Urban Meyer — 210 days after he was suspended by Ohio State for mishandling allegations of domestic abuse involving one of his former assistant coaches — stood on a stage inside the Fredrick C. Hobdy Assembly Center at Grambling State University and spoke for nearly a half-hour during an event which honored the legacy of Eddie Robinson.
Think about that juxtaposition for a moment.
Meyer, whose last season at Ohio State was defined by a scandal of his own creation, was chosen as the inaugural guest speaker in conjunction with “Preserving the Eddie Robinson Playbook” festivities Thursday night.
Really? The first speaker?
Robinson was the standard by which all coaches, to this day, are judged in terms of integrity.
With Meyer — despite the national championship pedigree — he’s been forced to face questions about his own moral compass.
We can talk about how successful coaches, especially the ones who win at the highest of levels of sport like Meyer, are often uncomfortably lifted to deities despite all the ethical compromises many make to orchestrate the winning.
But that’s not the focal point in this instance.
Grambling inviting a white coach with a recent troubled past to address impressionable young black men and women at a historically black university is problematic because it perpetuates the white privilege Meyer has benefitted from.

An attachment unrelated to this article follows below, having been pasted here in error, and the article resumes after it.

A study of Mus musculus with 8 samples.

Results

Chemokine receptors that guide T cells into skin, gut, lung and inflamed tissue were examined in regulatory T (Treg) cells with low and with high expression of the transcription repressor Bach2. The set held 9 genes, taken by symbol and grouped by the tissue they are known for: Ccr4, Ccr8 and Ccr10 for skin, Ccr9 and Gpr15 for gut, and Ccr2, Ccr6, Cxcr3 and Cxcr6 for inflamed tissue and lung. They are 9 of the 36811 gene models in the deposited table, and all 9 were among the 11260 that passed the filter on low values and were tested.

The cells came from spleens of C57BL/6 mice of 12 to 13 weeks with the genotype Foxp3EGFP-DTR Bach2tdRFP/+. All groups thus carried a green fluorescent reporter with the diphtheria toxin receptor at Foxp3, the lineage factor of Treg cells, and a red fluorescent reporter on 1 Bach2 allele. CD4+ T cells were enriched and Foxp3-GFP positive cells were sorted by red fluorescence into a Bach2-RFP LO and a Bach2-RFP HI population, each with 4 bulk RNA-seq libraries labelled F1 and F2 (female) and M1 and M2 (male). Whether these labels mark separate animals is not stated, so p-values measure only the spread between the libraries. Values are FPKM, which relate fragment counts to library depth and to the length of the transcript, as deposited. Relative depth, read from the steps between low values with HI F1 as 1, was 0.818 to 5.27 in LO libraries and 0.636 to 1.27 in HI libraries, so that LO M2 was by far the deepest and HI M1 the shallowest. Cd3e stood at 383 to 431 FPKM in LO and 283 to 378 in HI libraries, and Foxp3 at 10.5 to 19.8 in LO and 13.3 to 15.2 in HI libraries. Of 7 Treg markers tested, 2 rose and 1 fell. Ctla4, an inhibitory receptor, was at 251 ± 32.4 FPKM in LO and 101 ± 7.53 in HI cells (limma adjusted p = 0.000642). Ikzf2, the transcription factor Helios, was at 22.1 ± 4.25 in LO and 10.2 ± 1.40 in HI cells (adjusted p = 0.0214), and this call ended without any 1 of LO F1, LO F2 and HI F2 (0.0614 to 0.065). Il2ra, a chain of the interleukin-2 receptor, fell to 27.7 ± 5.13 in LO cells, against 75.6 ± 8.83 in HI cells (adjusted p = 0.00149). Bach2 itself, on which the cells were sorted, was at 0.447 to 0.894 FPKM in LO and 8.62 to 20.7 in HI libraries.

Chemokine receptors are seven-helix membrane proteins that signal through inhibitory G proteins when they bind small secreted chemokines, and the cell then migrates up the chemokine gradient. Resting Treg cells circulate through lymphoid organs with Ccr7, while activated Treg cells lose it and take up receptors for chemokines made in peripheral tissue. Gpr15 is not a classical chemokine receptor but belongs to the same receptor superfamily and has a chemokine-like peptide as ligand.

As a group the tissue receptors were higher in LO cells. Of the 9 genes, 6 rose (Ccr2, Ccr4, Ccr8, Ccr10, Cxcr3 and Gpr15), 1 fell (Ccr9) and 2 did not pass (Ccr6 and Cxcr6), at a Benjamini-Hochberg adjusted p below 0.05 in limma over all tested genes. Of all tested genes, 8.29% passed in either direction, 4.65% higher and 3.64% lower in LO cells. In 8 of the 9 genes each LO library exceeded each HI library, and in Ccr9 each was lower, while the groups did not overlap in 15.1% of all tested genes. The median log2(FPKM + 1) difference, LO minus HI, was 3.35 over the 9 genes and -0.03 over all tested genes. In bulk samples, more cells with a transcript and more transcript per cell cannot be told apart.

This is a man who was allowed to continue coaching and retire on his own terms and later rewarded with an opportunity to instruct a class on “Leadership and Character” after recklessly bringing negative national attention and scorn to his employer.
A coach with a lesser resume and pedigree would have been swiftly discarded and ostracized instead of embraced like Meyer.
But because society routinely equates the splendor of achievement with righteousness, particularly with white men in positions of power, all transgressions are forgiven or simply ignored.
Grambling Athletic Director David Ponton and head football coach Broderick Fobbs should, as accomplished and respected black men, understand that if they carried the baggage of Urban Meyer, they wouldn’t be afforded similar opportunities to seek redemption or still be revered.
Certainly, those athletes wouldn’t if they behaved as unconsciously as Meyer did in Columbus.
The standard is woefully different for folks who look like the people Meyer was speaking to in that room than Meyer himself.
In his speech Thursday, Meyer talked about sacrifice, accountability and being reliable in between the football anecdotes that encompassed a 30-year coaching stint.
He also stressed making difficult decisions for the greater good and putting others above selfish desires that are hallmarks of high character individuals.
Meyer, though, admittedly failed in all those areas before, during and after the Zach Smith domestic violence allegations surfaced and were investigated.
What was his punishment? A meager three-game ban before going out on top in the Rose Bowl and embarking on speaking engagement tours with a cushy multimillion-dollar TV job on the horizon in the fall.
That, folks, is white privilege in a nutshell and Grambling State was complicit in its execution in the shadow of a man in Eddie Robinson who fought for decades to overcome it.